Off the clock: 6 Things to Do in Copper River After Your Shift

The Copper River Princess Wilderness Lodge sits at the gateway to Wrangell-St. Elias National Park. With 13.2 million acres of virtually untouched wilderness, there’s a lot to explore here after your shift ends. Here are 6 of our favorites!

Your Next Adventure Starts Here

  • Hiking and backpacking

    The largest national park in the United States, Wrangell-St. Elias National Park is the size of six Yellowstones. It’s a natural wonder packed with beauty. With four mountain ranges, nine out of the 16 highest peaks in the U.S., an active volcano (Mt. Wrangell), a temperate rainforest and endless glaciers, the wondrous terrain of this park is worth exploring on your day off. The National Park Service outlines several day hiking routes to choose from, including some starting from the Copper Center area. You can backpack for several days within the park, but you should be prepared and aware of the hazards. Make sure to fill out a backcountry itinerary and leave it at one of the visitor’s centers, and tell a friend where you’re going.

  • Visit a glacier

    Excited to see a glacier in Alaska? Well, you chose the right place. Every stream and river in Wrangell-St. Elias National Park leads to a glacier, covering about 5,000 square miles of the park – or 25 percent of it. The park’s largest glacier, Malaspina, can be seen from space. Hiking a glacier can be one of the most memorable and iconic ways to spend your day off in Copper River. We offer Worthington Glacier Hike excursion with views of the nearby Chugach Mountains, or the Prince William Sound Glacier Cruise.

  • Explore an abandoned mine

    The Kennecott Mine, near the historic towns of McCarthy and Kennicott, churned out nearly $200 million worth of copper before it shut down in 1938. Now preserved by the National Park Service, the imposing mill is a testament to the fortitude and entrepreneurship of a bygone era. Rangers will lead you on tours of the mill structure and its neighboring buildings, including a general store, school and hospital. If you’re interested in ghost hunting, the spooky tales about the Kennecott mine might be reason enough to go.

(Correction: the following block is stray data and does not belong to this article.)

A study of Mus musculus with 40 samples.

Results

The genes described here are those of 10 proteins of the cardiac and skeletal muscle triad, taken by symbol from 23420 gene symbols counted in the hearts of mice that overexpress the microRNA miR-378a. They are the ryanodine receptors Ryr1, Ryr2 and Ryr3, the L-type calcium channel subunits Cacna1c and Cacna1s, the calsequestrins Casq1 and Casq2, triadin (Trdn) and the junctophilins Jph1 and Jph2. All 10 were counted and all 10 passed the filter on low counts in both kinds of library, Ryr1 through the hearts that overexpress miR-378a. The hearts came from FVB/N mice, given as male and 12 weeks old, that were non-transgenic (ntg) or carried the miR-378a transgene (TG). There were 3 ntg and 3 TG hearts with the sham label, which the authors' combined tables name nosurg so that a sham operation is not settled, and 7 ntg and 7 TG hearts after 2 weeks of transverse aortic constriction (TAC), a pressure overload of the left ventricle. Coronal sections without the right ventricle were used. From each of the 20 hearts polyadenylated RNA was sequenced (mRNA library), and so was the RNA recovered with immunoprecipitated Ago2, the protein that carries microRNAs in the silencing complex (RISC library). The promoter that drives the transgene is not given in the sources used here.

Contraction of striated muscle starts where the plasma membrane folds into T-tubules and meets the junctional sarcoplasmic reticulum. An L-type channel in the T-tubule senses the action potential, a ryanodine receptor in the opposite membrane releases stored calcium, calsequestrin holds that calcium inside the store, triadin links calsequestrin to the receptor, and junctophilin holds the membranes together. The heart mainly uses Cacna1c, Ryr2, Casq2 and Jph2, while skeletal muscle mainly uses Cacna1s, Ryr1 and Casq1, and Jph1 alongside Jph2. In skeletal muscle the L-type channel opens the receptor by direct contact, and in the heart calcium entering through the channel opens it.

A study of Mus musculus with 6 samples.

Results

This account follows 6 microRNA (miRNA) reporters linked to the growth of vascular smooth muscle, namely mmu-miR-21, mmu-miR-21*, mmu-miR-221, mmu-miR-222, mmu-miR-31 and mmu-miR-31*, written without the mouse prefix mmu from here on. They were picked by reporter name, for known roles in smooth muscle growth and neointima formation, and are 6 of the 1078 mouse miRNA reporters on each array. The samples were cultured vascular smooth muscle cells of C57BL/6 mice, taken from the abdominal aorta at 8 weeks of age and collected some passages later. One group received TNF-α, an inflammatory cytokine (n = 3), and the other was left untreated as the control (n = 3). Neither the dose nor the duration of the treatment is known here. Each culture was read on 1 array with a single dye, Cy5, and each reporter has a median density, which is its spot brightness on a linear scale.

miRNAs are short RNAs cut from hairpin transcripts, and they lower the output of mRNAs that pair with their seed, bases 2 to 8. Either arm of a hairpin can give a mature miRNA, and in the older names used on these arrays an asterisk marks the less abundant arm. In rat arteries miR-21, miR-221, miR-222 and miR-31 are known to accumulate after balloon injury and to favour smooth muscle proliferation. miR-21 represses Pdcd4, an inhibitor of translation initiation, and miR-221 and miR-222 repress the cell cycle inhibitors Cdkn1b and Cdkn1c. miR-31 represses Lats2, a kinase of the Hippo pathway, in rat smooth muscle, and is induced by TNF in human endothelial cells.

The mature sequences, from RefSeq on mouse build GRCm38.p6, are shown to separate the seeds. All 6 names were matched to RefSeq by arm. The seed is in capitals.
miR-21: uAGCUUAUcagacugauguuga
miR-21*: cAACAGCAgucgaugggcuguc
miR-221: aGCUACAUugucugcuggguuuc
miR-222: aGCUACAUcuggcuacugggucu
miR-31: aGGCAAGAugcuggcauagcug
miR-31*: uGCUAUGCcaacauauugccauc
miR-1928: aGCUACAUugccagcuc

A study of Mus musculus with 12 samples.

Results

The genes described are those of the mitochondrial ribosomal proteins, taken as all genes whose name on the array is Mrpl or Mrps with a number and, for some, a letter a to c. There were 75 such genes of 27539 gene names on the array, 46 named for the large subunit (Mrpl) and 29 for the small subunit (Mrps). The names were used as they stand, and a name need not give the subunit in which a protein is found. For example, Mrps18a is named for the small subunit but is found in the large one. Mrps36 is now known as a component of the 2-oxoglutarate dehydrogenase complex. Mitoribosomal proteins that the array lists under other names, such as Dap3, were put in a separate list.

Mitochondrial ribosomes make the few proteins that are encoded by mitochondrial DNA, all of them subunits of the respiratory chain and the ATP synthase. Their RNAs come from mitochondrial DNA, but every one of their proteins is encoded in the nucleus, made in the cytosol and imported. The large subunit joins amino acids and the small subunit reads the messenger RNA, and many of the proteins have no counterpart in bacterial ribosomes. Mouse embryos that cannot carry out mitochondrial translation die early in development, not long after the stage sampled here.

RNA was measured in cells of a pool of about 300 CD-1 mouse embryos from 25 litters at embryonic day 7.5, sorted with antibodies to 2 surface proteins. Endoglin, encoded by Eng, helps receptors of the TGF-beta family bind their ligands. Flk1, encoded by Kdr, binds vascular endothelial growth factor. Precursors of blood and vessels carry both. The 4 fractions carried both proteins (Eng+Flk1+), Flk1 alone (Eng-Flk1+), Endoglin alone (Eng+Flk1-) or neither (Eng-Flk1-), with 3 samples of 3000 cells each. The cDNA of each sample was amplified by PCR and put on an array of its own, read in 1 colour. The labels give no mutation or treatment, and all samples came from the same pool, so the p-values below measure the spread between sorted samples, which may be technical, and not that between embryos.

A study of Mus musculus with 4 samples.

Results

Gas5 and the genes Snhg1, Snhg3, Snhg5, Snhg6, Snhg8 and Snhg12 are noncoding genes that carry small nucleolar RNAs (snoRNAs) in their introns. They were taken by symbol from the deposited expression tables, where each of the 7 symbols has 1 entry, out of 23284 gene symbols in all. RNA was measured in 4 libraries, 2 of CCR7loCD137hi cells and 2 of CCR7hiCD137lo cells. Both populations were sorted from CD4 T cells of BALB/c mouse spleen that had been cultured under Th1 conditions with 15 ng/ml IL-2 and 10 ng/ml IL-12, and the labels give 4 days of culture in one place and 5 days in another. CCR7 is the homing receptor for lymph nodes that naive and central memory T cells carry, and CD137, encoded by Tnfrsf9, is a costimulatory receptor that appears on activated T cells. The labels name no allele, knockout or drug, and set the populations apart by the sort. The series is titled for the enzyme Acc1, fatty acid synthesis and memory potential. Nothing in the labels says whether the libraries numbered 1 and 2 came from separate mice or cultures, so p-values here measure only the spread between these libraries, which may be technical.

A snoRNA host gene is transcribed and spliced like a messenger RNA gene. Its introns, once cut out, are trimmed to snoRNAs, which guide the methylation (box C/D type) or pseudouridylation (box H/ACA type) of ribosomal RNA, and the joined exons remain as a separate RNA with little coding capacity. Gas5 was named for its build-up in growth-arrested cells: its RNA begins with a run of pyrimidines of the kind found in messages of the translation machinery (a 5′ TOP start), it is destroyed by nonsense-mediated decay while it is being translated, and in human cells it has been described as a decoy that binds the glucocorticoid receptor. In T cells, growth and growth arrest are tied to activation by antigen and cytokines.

• Get to know some yaks

    The nearby Alaska Yaks is open to visitors and also schedules tours. This working farm touts the benefits of yaks as multi-purpose livestock – claiming yak meat is the healthiest of red meats, but that yaks are also useful as pack animals or even for riding. You can even take home some yak-yarn souvenirs for your friends.

  • Learn some history

    The George Ashby Museum in the historic town of Copper Center can give you a flavor for what your summer home used to be like. Learn more about the gold mining camps of 1898 that brought so many intrepid travelers to the region in the first place. Take a look at relics from the pioneer days, like clothes, photos and letters in the museum’s two log cabin structures. Admission is free.

  • Rafting

    You’d be remiss not to try backcountry rafting along the Klutina River Canyon while you’re in Alaska. Our excursion is ideal for both first-time rafters and those with experience – the route hits some Class III rapids for extra fun. You can learn a little about the gold rush history of the area you’re working in, and you’ll enjoy some of the spectacular scenery you’ve been enjoying from afar.
    Now that you have some ideas about after-hours adventures from the Copper River Princess Wilderness Lodge, are you ready to work for us? Search our current summer job openings now and join us!